Politics

Tuberville considers dropping some military holds ‘soon, but not today’

Tommy Tuberville said in an interview on Wednesday he’s considering dropping his months-long holds on military promotions “soon, but not today.”

The Alabama GOP senator said he and other Armed Services Committee members are “getting close” to a resolution and will be holding more meetings on the subject later Wednesday with Chair Jack Reed (D-R.I.) and other members of the panel.

“Trying to get some kind of resolution before we get home for Christmas, we’ve got a couple of weeks,” Tuberville said. “We’ve got to do this the right way. It’s been 10 months. I want to get this over with too, if we do it the right way.”

Tuberville told the Senate GOP this week that he will find a solution to his military holds over the Pentagon’s abortion policy in order to head off a vote that would circumvent his blockade, according to multiple sources.

Republicans said afterward they weren’t sure exactly what he will do to achieve that, though they’ve pitched shifting his holds to civilian nominees or supporting a lawsuit against the Pentagon.

One idea, proposed by Sen. Dan Sullivan (R-Alaska), would clear lower-level promotions while preserving Tuberville’s holds on four-star generals and requiring individual roll call votes, according to people familiar with the offer. Tuberville confirmed that Sullivan presented him with that proposal and he is working closely with his colleague on a path forward, but said he’s “not yet” ready to commit to one strategy and that it wouldn’t be exactly that solution.

“That’s his idea. But I’m the one that’s got the holds,” Tuberville said. “He’s got some good ideas.”

Sullivan said Wednesday that he was unsure where Tuberville would land but made clear yet again that he is tired of the impasse.

“I sat down with him on the way forward. I’ve been working Sen. Tuberville for a long time on this. But at a certain point? I’ve been 100 percent that someone needs to stand up for the troops,” Sullivan said on Wednesday. “No one’s speaking for them. I’m speaking for them.”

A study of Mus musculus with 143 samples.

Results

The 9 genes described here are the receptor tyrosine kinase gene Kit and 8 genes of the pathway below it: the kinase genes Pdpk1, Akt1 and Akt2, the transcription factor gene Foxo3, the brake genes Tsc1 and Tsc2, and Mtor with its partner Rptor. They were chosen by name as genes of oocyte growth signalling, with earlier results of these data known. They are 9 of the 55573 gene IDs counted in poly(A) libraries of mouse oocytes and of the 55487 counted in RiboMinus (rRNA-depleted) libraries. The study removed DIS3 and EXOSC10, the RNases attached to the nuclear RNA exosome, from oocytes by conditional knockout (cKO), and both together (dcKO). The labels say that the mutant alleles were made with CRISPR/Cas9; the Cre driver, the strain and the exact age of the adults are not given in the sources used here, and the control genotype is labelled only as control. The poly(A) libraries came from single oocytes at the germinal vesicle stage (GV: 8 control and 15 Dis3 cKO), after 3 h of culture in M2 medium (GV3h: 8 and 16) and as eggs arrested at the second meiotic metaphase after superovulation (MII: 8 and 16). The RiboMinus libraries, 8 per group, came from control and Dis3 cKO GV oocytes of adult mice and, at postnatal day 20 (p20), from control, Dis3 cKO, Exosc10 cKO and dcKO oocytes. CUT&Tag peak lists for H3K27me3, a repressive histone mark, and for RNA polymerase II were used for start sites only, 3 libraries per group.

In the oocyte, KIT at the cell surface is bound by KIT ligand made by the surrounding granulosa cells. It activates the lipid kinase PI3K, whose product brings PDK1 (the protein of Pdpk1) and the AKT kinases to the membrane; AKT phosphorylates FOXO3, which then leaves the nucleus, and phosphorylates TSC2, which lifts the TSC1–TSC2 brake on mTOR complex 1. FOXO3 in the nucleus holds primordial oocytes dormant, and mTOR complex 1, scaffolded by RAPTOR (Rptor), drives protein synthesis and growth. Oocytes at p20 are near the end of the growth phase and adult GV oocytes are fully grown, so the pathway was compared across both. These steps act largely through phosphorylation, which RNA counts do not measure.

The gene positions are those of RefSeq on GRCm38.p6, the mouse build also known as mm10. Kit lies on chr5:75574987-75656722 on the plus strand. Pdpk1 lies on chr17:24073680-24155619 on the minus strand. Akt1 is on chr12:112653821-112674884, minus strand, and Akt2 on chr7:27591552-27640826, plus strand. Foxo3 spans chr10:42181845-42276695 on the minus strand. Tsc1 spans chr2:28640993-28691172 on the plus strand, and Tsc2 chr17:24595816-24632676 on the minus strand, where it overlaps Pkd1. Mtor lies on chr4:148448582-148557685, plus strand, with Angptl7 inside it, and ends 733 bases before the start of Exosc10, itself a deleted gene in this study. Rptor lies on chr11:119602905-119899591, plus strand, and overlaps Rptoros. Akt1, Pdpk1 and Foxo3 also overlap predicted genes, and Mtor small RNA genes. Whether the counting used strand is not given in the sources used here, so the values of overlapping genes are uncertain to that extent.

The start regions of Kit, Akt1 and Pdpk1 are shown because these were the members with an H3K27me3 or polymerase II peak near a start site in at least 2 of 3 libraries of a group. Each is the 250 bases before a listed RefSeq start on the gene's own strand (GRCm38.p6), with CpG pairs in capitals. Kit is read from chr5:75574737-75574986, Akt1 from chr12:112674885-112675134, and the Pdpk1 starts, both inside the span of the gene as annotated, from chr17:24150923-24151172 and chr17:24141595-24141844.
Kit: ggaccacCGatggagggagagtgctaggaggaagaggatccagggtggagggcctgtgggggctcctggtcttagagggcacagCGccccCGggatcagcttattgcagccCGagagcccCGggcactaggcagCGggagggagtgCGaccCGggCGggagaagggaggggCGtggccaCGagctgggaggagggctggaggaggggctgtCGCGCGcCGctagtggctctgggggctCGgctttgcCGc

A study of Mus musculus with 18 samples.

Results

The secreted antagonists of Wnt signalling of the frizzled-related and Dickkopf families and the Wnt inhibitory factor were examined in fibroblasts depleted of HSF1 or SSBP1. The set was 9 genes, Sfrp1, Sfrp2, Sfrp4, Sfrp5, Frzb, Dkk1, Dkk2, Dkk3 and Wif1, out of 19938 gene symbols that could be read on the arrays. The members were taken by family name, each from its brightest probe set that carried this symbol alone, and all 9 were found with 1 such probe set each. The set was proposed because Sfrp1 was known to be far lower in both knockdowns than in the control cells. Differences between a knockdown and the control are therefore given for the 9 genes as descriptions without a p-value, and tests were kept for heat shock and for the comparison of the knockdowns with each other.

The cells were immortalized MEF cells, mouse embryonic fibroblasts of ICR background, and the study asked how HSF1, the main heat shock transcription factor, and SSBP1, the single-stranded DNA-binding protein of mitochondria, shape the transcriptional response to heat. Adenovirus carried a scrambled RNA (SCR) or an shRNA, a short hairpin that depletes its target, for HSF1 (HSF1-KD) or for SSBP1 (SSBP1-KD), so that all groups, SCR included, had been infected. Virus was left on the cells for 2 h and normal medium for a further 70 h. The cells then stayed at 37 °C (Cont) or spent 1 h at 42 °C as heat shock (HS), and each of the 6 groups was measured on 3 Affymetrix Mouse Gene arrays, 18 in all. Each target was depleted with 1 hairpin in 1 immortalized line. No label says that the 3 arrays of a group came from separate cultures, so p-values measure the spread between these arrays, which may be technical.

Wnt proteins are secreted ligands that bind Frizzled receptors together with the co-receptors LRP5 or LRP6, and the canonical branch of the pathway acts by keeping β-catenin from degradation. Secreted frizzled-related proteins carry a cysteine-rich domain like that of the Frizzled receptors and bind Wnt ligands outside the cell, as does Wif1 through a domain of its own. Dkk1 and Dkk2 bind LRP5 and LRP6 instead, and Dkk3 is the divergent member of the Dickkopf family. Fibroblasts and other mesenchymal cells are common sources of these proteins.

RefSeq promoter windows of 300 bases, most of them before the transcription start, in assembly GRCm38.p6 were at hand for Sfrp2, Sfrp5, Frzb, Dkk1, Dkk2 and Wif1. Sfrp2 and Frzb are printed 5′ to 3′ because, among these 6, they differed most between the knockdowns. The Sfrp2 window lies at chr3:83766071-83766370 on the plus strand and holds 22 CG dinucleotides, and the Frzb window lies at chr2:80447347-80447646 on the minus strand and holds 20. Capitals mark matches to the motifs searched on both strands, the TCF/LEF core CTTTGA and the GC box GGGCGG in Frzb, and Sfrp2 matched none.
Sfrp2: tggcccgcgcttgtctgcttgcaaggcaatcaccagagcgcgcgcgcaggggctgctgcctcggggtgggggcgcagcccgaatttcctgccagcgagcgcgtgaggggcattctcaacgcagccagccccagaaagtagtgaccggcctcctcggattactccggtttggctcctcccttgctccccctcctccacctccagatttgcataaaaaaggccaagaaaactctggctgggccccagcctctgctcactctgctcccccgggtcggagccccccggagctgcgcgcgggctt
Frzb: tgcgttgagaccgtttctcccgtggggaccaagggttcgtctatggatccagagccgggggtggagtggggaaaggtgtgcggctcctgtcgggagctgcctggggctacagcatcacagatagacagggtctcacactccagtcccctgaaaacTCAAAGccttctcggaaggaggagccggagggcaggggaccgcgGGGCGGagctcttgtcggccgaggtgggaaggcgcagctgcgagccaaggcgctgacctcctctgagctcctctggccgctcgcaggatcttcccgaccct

Republicans believe there are likely 60 votes to end-around Tuberville on the Senate floor by passing a resolution devised by Reed and Sen. Kyrsten Sinema (I-Ariz.) that would allow the stalled military promotions to proceed en bloc, according to people familiar with party strategy. Senate Majority Leader Chuck Schumer could force that vote in December if there’s no other agreement to get out of the impasse.

Joe Gould contributed to this report.

Tommy Tuberville said in an interview on Wednesday he’s considering dropping his months-long holds on military promotions “soon, but not today.”
The Alabama GOP senator said he and other Armed Services Committee members are “getting close” to a resolution and will be holding more meetings on the subject later Wednesday with Chair Jack Reed (D-R.I.) and other members of the panel.
“Trying to get some kind of resolution before we get home for Christmas, we’ve got a couple of weeks,” Tuberville said. “We’ve got to do this the right way. It’s been 10 months. I want to get this over with too, if we do it the right way.”
Tuberville told the Senate GOP this week that he will find a solution to his military holds over the Pentagon’s abortion policy in order to head off a vote that would circumvent his blockade, according to multiple sources.
Republicans said afterward they weren’t sure exactly what he will do to achieve that, though they’ve pitched shifting his holds to civilian nominees or supporting a lawsuit against the Pentagon.
One idea, proposed by Sen. Dan Sullivan (R-Alaska), would clear lower-level promotions while preserving Tuberville’s holds on four-star generals and requiring individual roll call votes, according to people familiar with the offer. Tuberville confirmed that Sullivan presented him with that proposal and he is working closely with his colleague on a path forward, but said he’s “not yet” ready to commit to one strategy and that it wouldn’t be exactly that solution.
“That’s his idea. But I’m the one that’s got the holds,” Tuberville said. “He’s got some good ideas.”
Sullivan said Wednesday that he was unsure where Tuberville would land but made clear yet again that he is tired of the impasse.
“I sat down with him on the way forward. I’ve been working Sen. Tuberville for a long time on this. But at a certain point? I’ve been 100 percent that someone needs to stand up for the troops,” Sullivan said on Wednesday. “No one’s speaking for them. I’m speaking for them.”
Republicans believe there are likely 60 votes to end-around Tuberville on the Senate floor by passing a resolution devised by Reed and Sen. Kyrsten Sinema (I-Ariz.) that would allow the stalled military promotions to proceed en bloc, according to people familiar with party strategy. Senate Majority Leader Chuck Schumer could force that vote in December if there’s no other agreement to get out of the impasse.
Joe Gould contributed to this report.